A cup or two of coffee doesn’t just give you energy—it might make you a think a little more quickly. That’s not exactly a shocker, but for coffee drinkers, a new study showing that caffeine can improve verbal processing speed should put a nice perk in your day.
Despite conventional wisdom that caffeine is a harmful drug, a growing body of research is demonstrating that it can confer a wide range of benefits when consumed in moderation. Within the past year, studies have indicated that caffeine can help improve muscle strength for seniors, delay the onset of Alzheimer’s and reduce the risk of skin cancer.
Now, a study published today in the journal PLOS ONE suggests that 200 mg of caffeine—the equivalent of a couple of cups of coffee—can help the brain identify words more quickly and precisely. In a study conducted by psychologists Lars Kuchinke and Vanessa Lux from Ruhr University in Germany, healthy young adults given a 200 mg caffeine tablet exhibited improved speed and accuracy while completing a word recognition task.
The task involved looking at a string of letters, presented one at a time for 150 milliseconds each, and deciding as quickly as possible whether they constituted an actual word or a made up word. When compared to a control group that was given a placebo (a lactose tablet), those given the caffeine pill decided more quickly and were correct a higher percentage of the time—at least for words that were deemed to have a positive emotional association.
Why only for positive words? The researchers designed the experiment not to demonstrate benefits of caffeine, but in order to use the drug to answer an existing question about the underlying architecture of the brain. It has long mystified cognitive scientists why, when completing these types of word processing tasks, people consistently demonstrate a quicker response time for words with a positive emotional valence (like “love” or “happy”) than those with a negative connotation (like “bored” or “angry”).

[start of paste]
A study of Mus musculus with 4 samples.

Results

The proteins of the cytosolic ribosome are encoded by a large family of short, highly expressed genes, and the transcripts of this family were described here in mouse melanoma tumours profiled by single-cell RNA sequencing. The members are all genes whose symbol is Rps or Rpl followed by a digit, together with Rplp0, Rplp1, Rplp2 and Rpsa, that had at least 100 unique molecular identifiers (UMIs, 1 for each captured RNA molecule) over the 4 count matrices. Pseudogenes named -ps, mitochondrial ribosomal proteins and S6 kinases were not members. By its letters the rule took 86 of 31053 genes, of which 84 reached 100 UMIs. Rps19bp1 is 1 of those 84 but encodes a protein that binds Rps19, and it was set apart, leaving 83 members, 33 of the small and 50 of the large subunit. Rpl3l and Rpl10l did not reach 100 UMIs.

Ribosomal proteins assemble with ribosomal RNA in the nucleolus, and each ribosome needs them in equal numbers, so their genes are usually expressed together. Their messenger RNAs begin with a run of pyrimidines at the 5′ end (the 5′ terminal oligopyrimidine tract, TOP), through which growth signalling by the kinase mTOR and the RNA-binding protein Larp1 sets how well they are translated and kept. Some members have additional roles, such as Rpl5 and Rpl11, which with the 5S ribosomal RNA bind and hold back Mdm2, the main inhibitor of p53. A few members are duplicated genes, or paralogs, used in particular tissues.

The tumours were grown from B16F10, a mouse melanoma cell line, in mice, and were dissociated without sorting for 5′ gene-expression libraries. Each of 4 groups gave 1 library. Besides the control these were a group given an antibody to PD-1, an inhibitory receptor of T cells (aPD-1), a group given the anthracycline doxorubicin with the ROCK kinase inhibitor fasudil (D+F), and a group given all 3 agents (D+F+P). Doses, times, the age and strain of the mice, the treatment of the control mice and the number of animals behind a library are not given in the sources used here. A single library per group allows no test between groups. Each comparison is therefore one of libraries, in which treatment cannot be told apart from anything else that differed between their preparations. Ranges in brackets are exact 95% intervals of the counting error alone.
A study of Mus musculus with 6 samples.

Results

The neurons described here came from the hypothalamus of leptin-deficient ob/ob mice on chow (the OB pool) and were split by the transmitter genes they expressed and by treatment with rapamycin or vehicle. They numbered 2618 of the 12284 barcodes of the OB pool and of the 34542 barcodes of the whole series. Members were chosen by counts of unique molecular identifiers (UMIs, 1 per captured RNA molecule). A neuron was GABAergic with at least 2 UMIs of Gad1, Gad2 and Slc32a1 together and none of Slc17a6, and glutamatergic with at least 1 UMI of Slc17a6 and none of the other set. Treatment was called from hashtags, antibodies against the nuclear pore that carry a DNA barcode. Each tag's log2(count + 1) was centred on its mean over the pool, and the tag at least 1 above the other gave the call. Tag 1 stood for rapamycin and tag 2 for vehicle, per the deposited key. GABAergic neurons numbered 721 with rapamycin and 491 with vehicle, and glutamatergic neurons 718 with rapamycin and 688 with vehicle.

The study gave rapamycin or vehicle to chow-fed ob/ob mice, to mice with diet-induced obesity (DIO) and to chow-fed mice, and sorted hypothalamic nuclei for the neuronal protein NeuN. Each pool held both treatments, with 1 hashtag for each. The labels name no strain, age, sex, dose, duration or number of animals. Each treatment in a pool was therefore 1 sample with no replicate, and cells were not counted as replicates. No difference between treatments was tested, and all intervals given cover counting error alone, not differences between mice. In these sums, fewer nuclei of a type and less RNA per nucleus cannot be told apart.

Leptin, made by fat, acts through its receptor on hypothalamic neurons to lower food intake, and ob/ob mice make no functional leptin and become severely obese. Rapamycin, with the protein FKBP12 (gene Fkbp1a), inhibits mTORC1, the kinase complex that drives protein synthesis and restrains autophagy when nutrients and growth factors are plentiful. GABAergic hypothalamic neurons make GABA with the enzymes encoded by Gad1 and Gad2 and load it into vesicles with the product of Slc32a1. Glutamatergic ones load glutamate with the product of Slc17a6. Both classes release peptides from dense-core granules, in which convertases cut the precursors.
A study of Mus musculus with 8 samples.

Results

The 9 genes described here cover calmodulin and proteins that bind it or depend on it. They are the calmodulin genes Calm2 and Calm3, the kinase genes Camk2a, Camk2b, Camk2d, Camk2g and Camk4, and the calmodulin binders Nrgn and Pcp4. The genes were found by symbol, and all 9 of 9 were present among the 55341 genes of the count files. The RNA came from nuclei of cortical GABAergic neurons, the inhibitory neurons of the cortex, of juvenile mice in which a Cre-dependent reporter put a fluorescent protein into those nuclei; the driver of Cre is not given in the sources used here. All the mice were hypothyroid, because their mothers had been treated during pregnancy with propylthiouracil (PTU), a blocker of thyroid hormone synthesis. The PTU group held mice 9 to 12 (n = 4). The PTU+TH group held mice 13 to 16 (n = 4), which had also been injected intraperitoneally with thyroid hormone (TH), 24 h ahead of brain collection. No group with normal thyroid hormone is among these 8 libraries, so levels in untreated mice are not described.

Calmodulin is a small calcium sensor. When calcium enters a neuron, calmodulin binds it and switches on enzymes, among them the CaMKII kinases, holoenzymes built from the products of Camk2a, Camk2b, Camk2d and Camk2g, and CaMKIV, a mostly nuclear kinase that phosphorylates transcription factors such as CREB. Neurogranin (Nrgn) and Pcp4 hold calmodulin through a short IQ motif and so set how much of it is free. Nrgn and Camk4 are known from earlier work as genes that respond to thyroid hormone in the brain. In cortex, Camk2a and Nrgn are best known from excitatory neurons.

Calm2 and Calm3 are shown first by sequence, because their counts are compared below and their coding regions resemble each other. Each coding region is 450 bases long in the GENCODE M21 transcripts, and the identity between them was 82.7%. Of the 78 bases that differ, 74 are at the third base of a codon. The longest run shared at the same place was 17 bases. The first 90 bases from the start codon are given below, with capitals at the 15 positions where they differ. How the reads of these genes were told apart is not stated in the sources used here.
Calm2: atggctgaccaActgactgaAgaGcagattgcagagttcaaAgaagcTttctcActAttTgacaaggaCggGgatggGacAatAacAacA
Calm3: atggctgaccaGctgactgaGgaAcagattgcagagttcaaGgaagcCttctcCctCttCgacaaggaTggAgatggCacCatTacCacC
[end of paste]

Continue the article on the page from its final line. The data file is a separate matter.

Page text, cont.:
Kuckinke and Lux, recognizing that caffeine stimulates the release of the neurotransmitter dopamine, decided to use the drug to test a hypothesis, to see if dosing study participants would further increase their speed and accuracy for positive words. The caffeine did indeed make them even better at completing the task for positive words—but not for negative or neutral ones—leading the researchers to conclude the involvement of the dopamine system is at least part of the explanation for the phenomenon.
Additionally, the researchers zeroed in on the region of the brain responsible for the effect. When they showed the study participants the letters, they did so directly in front of either their left or right eyes, flashing them so quickly that only the half of the brain directly wired to the particular eye would have time to process them. Because the brain is cross-wired—so the right half of the field of vision is most immediately connected with the left hemisphere—and the accelerated processing effect was only for letters shown in front of the participants’ right eyes, it seems to be rooted in the language-dominated left hemisphere.
Scientists still have many questions about this effect, and this pair notes the need for further study to understand how it is involved with the dopamine system, frequently associated with reward centers in the brain.
On a more practical level? You might consider applying these current findings by drinking a cup of coffee when your thought processes seem a little slow.